ST. PETERSBURG — Hours before 23-year-old Arnieceia Milton was fatally shot, her boyfriend got into an argument with another man, police said.
The couple left and Milton wound up at a gathering in a plaza parking lot on 16th Street South — a hotspot for unsanctioned parties that have drawn the attention of police and city officials.
At about 1:30 a.m. Sunday, the man who had argued with Milton’s boyfriend drove by and fired shots into the crowd, the St. Petersburg Police Department said. On Monday, they identified the shooter as 25-year-old Tyree Lamons Bell. He is still at large.
Police said Sunday they considered Milton, the mother of two young children, an innocent bystander.
Bell has been arrested a number of times in Pinellas County, court records show, but never for violent crimes. Charges included marijuana possession, fleeing police and burglary. He was also cited in several traffic infractions. A recent citation listed his address as Jungle Avenue, south of Jungle Terrace in west St. Petersburg.
Police did not say where the argument happened. The shooting took place in front of the Dread Pros & More salon, in a plaza that also includes nonprofits, a barbershop and an architectural firm. It’s only two blocks away from the Food Max grocery store parking lot where two people have been shot dead since September, one of them just a day before Milton was killed.
Bruce Street, who owns the barbershop Gentelmens Quarters, said his side of 16th Street, between 15th Avenue South and 18th Avenue South, has become a magnet for huge late-night gatherings Thursdays, Fridays and Saturdays. In the mornings, he has to throw out liquor bottles, clean up trash and sometimes urine from in front of his shop.
The parties have annoyed him for three months, he said, but he didn’t raise a fuss because nobody was getting hurt — and because his polite entreaties for revelers to go elsewhere didn’t budge them. After the shooting, though, he wants them gone.
“I truly think it’s something that the police could do in a non-aggressive way," he said.
Police spokeswoman Yolanda Fernandez said police are aware of the parties and have put extra patrols in the area on weekends. The parties, which can attract as many as 400 people, often last until 4 a.m., Fernandez said.
“It seems to be kind of an informal gathering spot,” she said. “Sometimes there are a lot of people there, but they’re on private property, so we are limited as far as how much we can do.”
Some business owners have talked to police about the problem, she said, and code enforcement officials have visited the area. But other businesses have capitalized on the parties, opening their stores late and even hiring caterers to feed the crowds, Fernandez said.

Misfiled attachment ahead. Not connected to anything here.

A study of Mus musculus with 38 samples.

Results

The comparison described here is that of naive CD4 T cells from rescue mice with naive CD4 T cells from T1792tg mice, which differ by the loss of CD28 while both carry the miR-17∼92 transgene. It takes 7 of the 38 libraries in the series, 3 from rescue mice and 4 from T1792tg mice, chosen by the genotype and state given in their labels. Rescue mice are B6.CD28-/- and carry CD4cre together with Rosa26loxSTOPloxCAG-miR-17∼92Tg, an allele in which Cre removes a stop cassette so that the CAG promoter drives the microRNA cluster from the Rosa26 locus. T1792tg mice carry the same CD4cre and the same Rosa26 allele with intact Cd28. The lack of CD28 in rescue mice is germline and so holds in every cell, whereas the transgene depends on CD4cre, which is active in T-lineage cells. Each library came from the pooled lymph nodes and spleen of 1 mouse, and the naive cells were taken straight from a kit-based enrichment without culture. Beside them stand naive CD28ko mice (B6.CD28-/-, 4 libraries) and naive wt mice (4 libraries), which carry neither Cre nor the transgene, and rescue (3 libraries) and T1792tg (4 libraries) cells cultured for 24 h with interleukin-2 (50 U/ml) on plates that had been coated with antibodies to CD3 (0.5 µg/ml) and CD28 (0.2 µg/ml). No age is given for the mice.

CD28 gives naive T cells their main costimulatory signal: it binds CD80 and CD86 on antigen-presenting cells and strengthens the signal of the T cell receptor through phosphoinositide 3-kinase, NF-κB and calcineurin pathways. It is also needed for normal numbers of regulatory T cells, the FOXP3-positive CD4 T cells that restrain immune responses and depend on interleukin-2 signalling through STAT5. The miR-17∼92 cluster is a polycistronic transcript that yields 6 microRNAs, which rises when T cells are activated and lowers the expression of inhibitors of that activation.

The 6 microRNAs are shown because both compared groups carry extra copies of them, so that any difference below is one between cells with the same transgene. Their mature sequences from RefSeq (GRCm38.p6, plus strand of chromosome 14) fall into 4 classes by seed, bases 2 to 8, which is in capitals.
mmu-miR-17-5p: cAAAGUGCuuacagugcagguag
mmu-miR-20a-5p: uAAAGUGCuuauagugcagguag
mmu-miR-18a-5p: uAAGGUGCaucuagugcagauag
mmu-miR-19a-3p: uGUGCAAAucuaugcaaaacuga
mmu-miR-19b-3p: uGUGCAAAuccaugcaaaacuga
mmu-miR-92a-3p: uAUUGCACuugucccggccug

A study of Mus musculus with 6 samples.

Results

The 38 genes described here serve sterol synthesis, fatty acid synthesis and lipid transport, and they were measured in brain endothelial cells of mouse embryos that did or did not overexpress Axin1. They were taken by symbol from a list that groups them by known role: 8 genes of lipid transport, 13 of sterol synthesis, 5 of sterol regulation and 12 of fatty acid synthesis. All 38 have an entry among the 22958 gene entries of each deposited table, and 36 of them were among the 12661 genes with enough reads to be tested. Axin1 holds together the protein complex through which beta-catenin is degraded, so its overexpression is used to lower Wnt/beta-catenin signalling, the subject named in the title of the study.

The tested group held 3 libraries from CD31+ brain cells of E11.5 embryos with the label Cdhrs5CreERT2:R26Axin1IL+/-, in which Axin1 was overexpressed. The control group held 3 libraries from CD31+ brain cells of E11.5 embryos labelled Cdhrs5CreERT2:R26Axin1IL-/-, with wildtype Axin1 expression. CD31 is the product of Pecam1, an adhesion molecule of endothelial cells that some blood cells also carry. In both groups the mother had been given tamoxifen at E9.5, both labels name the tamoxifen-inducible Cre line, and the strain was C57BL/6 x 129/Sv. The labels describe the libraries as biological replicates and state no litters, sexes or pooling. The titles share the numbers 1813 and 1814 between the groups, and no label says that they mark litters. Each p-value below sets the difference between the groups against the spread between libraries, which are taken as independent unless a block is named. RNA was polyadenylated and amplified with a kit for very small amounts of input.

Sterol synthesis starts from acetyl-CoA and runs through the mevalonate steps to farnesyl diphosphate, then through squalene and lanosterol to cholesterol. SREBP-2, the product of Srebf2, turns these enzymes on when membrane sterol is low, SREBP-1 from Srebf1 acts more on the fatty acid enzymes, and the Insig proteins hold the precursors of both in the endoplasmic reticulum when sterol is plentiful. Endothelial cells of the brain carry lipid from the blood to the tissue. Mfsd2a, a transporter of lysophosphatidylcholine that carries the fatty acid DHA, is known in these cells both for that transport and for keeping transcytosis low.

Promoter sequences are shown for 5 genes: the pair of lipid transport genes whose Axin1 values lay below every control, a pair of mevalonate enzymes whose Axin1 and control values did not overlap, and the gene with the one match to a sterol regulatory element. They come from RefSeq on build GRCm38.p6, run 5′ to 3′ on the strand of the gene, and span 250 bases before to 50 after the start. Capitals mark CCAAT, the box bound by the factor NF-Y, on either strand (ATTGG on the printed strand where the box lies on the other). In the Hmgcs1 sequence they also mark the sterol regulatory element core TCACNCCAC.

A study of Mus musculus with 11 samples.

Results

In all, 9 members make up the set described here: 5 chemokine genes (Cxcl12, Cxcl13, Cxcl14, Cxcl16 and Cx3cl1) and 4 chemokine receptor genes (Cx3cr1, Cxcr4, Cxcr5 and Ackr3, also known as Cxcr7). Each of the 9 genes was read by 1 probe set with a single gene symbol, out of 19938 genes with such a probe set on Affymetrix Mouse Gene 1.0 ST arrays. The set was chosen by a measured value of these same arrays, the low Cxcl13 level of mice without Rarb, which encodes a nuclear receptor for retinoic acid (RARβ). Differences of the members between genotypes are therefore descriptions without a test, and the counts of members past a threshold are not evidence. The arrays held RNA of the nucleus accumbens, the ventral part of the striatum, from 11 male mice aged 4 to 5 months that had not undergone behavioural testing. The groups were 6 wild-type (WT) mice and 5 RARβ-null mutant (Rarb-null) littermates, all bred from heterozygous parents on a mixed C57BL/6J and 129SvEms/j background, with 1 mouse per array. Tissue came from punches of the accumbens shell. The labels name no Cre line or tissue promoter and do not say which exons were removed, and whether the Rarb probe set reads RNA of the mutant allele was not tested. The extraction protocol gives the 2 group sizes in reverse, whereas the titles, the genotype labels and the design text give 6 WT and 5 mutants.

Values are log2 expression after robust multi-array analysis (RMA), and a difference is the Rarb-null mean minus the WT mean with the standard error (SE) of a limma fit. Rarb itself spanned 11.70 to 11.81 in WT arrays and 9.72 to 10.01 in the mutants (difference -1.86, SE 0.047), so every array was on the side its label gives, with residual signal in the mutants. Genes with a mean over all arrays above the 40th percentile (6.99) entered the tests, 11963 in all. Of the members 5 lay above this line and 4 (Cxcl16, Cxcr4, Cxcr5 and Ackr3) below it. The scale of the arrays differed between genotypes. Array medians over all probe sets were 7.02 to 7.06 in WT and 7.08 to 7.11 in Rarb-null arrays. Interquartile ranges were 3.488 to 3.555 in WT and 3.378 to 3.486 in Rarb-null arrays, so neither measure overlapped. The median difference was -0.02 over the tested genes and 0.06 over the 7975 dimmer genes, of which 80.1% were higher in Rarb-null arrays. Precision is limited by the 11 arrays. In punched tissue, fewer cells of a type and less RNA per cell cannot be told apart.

Frank Zibbie, who owns Fay Deli and Subs across the street, said he’s noticed groups of people drinking and fighting on his side of 16th Street for the five years that he’s been there. He’s raised concerns to police, community members and his landlord, he said.
“I complain and I complain," Zibbie said, "but it seems like it’s falling on deaf ears.”
But Michael Jalazo, executive director of the Pinellas Ex-offender Re-entry Coalition nonprofit, which has an office that shares a parking lot where the shooting happened, said he’s been encouraged by the city’s recent efforts. As recently as Friday, he said, he met with St. Petersburg police Chief Anthony Holloway, community leaders and city officials.
“When it escalates into violence, it’s really a concern for all of us in the neighborhood," he said.
St. Petersburg City Council Member Gina Driscoll represents the city’s Sixth District, which includes the stretch of 16th Street where the shooting took place. She said she’s been working with police and code enforcement for four or five months around the area.
Neighbors have complained mostly about the noise and about cars blocking their driveways, Driscoll said, though this weekend’s shootings added a darker layer of concerns. Just a few weeks ago, she said, she worked with businesses in the area to organize family-friendly outdoor events during the daytime, hoping to show that they could foster a communal environment that was also safe and sanctioned.
“It went very well," she said, "but clearly we still have a lot of work to do.”
Police asked that anyone with information that could lead to Bell’s arrest contact Crime Stoppers of Pinellas at 1-800-873-TIPS or www.crimestoppersofpinellas.org. They may be eligible for a reward of up to $3,000.